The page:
Recently, I’ve been reading the book Nine Things Successful People Do Differently by Social Psychologist and Associate Director of Columbia Business School’s Motivation and Science Center Heidi Grant Halvorson. The book is full of interesting thoughts and sage advice, but I’ve been focusing on one chapter in particular as it relates to my current crop of second semester students.
The chapter is titled, “Focus on Getting Better, Rather Than Being Good,” and it speaks to the thoroughly debunked yet pervasive notion that our aptitudes, personalities, and personal strengths and weakness are fixed. How many times have you heard someone say (and perhaps this someone is you): “I’m just bad at math.” Or, “I’m a slow reader.” I do this all the time even as an adult. “I’m good with faces,” I say to the person whose name I’ve forgotten again, “but so bad with names.”
While of course people’s brains think in different ways, and while we are usually “naturally” better at some things than others, this is no way means that we cannot get better at the things at which we struggle. A large and growing body of research has shown that abilities are, in fact, profoundly malleable. In the words of Halvorson: “embracing the fact that you can change can lead you to make better choices and reach your full potential.” While I agree with almost all of this statement, I’d like to take a moment to disagree with the idea of “full potential.” The phrase “full potential” insinuates an end point, a point at which we could not get better or go further if we tried for a million years. It seems to indicate a finite universe in which limits of time, space, and energy exist. For better or worse, I do not believe in such limits. It’s the blessing and the curse of being human. We cannot possibly achieve it all (a reality that can frustrate us and at times make it seem as if all of our striving is for naught), and we cannot possibly achieve it all (the absolute best thing there is, for it leaves another adventure always beyond the next horizon!). However, Halvorson’s main point is that we can change even the things about ourselves we believe to be fixed, and that the first step to enacting change is understanding that it is possible.
With my students, I first try to take them back in time. “When you were two years old,” I ask some of my athletes, “were you good at basketball?” They laugh. The question is absurd. “Of course not!” Then I ask, “when you were in 7th grade, were you better at basketball than you were when you were two years old?” Now it’s starting to make sense. “But when you were in 7th grade, did you think that you were the best you would ever be at basketball just because you were better than you were when you were two?” The answer to this question is a universal no.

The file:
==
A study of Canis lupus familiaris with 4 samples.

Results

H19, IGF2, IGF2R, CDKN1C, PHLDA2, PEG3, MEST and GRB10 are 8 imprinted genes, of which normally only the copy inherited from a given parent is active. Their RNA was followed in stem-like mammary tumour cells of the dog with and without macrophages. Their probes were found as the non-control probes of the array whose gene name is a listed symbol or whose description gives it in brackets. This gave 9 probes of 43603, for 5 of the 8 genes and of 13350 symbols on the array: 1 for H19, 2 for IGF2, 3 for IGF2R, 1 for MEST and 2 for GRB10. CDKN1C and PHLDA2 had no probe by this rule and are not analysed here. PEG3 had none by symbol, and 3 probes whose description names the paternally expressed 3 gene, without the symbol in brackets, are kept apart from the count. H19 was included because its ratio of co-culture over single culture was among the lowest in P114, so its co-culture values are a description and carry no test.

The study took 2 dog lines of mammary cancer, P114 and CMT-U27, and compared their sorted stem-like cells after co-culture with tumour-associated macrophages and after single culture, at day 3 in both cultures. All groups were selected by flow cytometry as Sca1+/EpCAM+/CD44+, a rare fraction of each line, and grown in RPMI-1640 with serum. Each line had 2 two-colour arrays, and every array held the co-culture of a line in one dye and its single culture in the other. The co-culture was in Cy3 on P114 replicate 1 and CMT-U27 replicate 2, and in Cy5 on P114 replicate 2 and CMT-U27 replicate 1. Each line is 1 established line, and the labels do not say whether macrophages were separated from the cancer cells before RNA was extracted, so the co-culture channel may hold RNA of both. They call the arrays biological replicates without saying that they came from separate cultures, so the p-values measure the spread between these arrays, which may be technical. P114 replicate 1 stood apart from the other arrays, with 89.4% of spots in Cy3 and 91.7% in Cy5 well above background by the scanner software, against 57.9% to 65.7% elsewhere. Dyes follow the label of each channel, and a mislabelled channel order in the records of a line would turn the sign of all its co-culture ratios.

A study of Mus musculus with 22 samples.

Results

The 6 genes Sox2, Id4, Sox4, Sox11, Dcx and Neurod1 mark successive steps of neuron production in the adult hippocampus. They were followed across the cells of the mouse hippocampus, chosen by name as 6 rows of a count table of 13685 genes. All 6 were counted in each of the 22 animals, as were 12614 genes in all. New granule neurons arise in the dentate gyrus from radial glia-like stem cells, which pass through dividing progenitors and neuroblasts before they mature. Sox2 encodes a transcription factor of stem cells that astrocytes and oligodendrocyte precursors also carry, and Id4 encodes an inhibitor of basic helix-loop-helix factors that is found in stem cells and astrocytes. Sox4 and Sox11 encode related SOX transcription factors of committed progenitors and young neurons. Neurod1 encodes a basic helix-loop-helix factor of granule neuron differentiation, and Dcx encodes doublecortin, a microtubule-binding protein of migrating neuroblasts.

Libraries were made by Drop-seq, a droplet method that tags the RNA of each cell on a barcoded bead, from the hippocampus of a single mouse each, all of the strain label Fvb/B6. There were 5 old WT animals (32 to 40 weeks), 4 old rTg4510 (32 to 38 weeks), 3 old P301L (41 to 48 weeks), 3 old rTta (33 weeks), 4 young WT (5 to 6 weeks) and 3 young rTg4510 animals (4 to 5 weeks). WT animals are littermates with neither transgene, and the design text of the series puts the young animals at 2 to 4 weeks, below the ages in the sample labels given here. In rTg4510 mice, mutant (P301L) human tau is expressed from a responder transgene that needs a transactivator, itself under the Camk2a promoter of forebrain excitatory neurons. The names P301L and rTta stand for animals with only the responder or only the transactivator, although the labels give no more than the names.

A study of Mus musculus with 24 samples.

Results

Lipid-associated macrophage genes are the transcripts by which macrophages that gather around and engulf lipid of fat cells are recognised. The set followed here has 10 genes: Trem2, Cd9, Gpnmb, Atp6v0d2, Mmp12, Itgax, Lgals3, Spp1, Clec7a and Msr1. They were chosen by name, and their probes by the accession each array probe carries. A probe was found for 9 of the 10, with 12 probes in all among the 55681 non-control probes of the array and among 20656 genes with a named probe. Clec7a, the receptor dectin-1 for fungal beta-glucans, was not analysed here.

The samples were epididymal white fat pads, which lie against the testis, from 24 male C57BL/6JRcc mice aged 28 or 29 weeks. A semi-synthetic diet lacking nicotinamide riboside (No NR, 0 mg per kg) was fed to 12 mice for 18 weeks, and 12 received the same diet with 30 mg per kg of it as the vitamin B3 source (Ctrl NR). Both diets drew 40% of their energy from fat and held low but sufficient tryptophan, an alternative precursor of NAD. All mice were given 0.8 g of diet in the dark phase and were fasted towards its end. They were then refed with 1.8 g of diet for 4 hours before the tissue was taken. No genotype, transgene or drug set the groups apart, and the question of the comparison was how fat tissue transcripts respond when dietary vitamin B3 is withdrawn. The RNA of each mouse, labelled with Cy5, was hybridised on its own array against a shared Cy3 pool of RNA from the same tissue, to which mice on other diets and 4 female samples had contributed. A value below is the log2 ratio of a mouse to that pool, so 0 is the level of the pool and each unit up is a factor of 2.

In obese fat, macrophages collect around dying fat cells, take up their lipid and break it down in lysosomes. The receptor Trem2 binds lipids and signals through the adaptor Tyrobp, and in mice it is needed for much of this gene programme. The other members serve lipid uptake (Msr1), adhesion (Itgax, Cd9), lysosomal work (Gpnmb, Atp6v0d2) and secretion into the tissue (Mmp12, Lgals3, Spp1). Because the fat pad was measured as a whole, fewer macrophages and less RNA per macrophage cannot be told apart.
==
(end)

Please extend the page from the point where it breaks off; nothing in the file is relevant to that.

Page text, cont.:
I also remind them of something they already know because they are experiencing it: when you are inexperienced or new at something, the odds of making mistakes are naturally higher. Learning something new- whether it’s a killer jumpshot or string theory or the art of time management- can be hard. It doesn’t feel good to be bad at something. It feels bad! It can be frustrating and intimidating and at times overwhelming. But you have a choice. You can take those feelings for what they feel like– a sign that a certain skill or concept is unlearnable or simply not for you- or you can take them for what they are- the natural but temporary discomfort that comes with being a rookie.
I’ve had students who find themselves in a course that is much more difficult than anything they ever experienced in high school. They don’t understand the lectures. They don’t understand the reading. They’re scared and intimidated and they feel like giving up. So we talk about “getting better rather than being good.” Perhaps next class they get a handle on one of the concepts being discussed. Better! Perhaps they schedule a meeting with the professor or a tutor to go over the material. Better! The pressure to get it right the first time often results in many more mistakes and a far inferior performance than allowing yourself to be bad at something until, well, you’re not so bad at it anymore.
And you know what? The message is being received. Since 2007, the success coach program at my university has seen over 700 students walk through our doors. And every year, more and more former students and upperclassmen spread the word to freshman as well as older students who find themselves struggling. All of my students this semester knew about the program before our first meeting. They knew friends, classmates, or teammates who had worked with a success coach in the past, and this kind of word-of-mouth support for the program has basically erased any and all stigma that could be attached to needing academic help. Students entering the program now see it for the tool that it is: a headlamp, a compass, a rope thrown down to the bottom of the well.
Susan Marion is the Coordinator for Success Coaches at Tiffin University, in Tiffin, Ohio. She was instrumental in starting success coaching at the institution in 2007. The program now has fifteen part-time success coaches and supports almost one hundred students who are at risk academically.